Proofreading, an Endurance Sport
by Trista Cornelius
When you have finished your manuscript, proofreading is usually the last step. However, almost no one enjoys editing her own writing. You’ve put all your time into it, and you’re eager to be finished! Exactly because you’ve put all your time into it, you’d better proofread to make sure an easy-to-miss typo doesn’t dull the sheen on your final draft.
Finding the proofreading method that is right for you can make the work more fun and effective. Here are some possibilities:
Print your final draft, then stand up and read your piece aloud to an empty room but pretend two dozen people are sitting there listening attentively. Your nervous system barely knows the difference, and your fight-or-flight brain alerts you to odd phrases, shifts in tense, or weak wording.
A student told me that she intensified this proofreading technique by standing in front of a mirror to read aloud. Her reflection provided a more real sense of audience and made her acutely aware of the sound, pace, and logic of her words.
A professor my freshman year of college told us to read our final drafts backwards. My sophistication lagged behind my enthusiasm for college, and I understood this advice literally. I tried reading my essay from right to left. Only later did I understand what he meant: start with the very last sentence of your manuscript. Read it first. If you like what you see, read the second-to-last sentence next. Then the third-to-last, and so forth.
The sentence is read in the correct left-to-right direction, but it’s taken out of the context of the story, and you’re more likely to notice a blip when you’re not caught up in your own plot or poetic rhythm.
If you enjoy reading and it comes naturally to you, your eyes most likely skim the pages in a zig-zag fashion. Rarely do you look at each individual word in a sentence. Instead, your eyes recognize patterns and shapes. Therefore, forcing yourself to look at only one sentence at a time shifts your view completely.
To do this, take a blank sheet of printer paper and cover all but the first sentence of your story. This simplifies your view and keeps your eyes focused on one sentence, not leaping ahead to the next idea. Be slow and patient. Don’t shift your blank paper until you’ve fully contemplated that one sentence.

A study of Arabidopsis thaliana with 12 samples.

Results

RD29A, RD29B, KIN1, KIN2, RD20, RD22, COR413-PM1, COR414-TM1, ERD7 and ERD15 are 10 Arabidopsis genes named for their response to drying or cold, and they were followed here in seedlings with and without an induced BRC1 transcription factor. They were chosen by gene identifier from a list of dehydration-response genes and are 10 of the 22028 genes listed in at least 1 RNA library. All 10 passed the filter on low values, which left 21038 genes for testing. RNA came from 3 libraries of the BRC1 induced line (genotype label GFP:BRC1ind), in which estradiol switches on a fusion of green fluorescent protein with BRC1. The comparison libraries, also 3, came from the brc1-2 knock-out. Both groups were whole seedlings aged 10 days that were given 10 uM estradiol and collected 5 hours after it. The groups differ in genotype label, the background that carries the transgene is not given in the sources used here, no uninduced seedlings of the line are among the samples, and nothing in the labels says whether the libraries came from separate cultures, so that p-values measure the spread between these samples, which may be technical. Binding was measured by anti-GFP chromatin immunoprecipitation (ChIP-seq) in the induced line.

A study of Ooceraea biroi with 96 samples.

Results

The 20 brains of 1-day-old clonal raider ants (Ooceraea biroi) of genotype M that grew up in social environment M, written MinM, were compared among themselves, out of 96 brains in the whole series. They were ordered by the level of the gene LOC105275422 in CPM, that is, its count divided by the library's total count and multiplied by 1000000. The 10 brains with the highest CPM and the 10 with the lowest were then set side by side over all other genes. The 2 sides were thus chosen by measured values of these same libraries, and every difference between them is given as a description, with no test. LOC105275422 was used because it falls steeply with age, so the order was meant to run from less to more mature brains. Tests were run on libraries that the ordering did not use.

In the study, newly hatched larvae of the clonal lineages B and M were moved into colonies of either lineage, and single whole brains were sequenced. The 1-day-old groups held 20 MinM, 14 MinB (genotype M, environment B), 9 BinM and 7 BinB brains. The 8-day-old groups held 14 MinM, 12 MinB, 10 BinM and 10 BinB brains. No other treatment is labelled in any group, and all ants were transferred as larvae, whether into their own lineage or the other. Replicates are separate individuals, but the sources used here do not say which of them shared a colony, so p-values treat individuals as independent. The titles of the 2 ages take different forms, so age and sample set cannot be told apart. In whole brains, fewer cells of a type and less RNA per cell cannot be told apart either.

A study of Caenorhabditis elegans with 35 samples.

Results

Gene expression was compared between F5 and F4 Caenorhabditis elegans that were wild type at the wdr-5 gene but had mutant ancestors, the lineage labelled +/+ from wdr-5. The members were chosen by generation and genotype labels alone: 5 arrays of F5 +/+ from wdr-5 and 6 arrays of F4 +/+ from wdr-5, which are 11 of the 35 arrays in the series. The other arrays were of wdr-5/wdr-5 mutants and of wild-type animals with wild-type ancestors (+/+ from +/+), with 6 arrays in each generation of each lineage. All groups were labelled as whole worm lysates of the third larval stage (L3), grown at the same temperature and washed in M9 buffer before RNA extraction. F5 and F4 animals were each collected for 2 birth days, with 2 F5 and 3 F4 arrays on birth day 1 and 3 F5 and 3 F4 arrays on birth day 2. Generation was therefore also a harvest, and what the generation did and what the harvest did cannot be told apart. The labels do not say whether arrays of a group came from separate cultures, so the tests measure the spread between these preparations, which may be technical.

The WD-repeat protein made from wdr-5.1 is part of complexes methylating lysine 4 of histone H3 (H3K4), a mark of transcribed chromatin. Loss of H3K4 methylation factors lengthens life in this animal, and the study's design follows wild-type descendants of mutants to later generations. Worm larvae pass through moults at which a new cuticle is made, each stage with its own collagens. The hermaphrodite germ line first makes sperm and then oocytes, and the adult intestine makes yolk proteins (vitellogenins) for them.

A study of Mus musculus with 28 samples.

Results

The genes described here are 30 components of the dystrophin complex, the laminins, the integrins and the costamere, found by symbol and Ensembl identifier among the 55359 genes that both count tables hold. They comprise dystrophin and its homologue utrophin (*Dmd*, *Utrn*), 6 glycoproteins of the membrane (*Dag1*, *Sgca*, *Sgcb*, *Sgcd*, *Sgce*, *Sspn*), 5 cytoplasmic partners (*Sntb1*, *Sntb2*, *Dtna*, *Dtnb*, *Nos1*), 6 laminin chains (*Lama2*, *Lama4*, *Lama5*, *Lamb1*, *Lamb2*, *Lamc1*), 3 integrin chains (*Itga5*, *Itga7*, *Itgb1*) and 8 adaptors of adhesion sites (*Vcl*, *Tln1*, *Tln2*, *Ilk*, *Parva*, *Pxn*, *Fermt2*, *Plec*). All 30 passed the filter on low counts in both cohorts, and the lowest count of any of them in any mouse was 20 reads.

Ideally, ignore your final draft for a few days or weeks. When you return to it, read it casually, as if you’d come across it in a magazine you thumbed through while waiting at the dentist’s office, as if you have no idea what it’s about or where it’s going.
This puts you in a reader’s mind, letting the story unfold more passively than your directive writer’s mind can do. Mark areas that don’t work, but wait to make changes until you’ve finished reading the whole draft so you can stay in this reader’s mind.
Print your final draft. The vast majority of us do a better job of editing on paper than on screen. It slows us down, makes us think through our changes, and keeps us from inserting a change quickly and inadvertently creating another typo. Printing in a different or larger font also helps because the text looks less familiar and you’re more likely to notice you typed “heel” when you meant “heal.”
Lastly, the ideal way to proofread your work is to for someone else to do it! Whether you pay a professional or bribe a friend, ask someone else to proofread for you.
Someone who has not written the story has an easier time noticing mistakes. When working with student writers, for example, I sometimes ask them to read their work aloud to me as I follow along. Inevitably, they read words that are not on the page. Their minds automatically correct the sentence because the writer’s mind knows what it meant to say.
Ask a few friends to read your work and mark any areas that don’t sound right. As much as you might want them to “fix it” for you, ask them not to make corrections. Go over the draft together to come up with ideal solutions.
You can also read your work aloud to your friends and have them note anything you read differently than it appears in print. Or, my favorite: ask them to read your work aloud to you as you follow along. My writing group did this for me, and without my intonation, a piece I’d meant as humorous fell totally flat. My sentences hadn’t carried my intention, and I couldn’t “hear” that until someone else read the story aloud.
Although there’s something to be said for crafting one lovely sentence and letting that lead to the next lovely sentence, I wrote this column assuming you’re saving the detail work for the very end, but that’s not the only option. My next column will look at the writing process, so you can decide when proofreading works best for you.
In the meantime, please post comments about other proofreading methods you have found effective. These are my most tried-and-true, but there are many more.
Trista Cornelius writes VoiceCatcher’s bimonthly column “Dotting Your Ts and Crossing Your Eyes” and is currently on a leave of absence from Clackamas Community College where she has been teaching writing, literature and food studies. Follow her writing, reading and eating adventures here.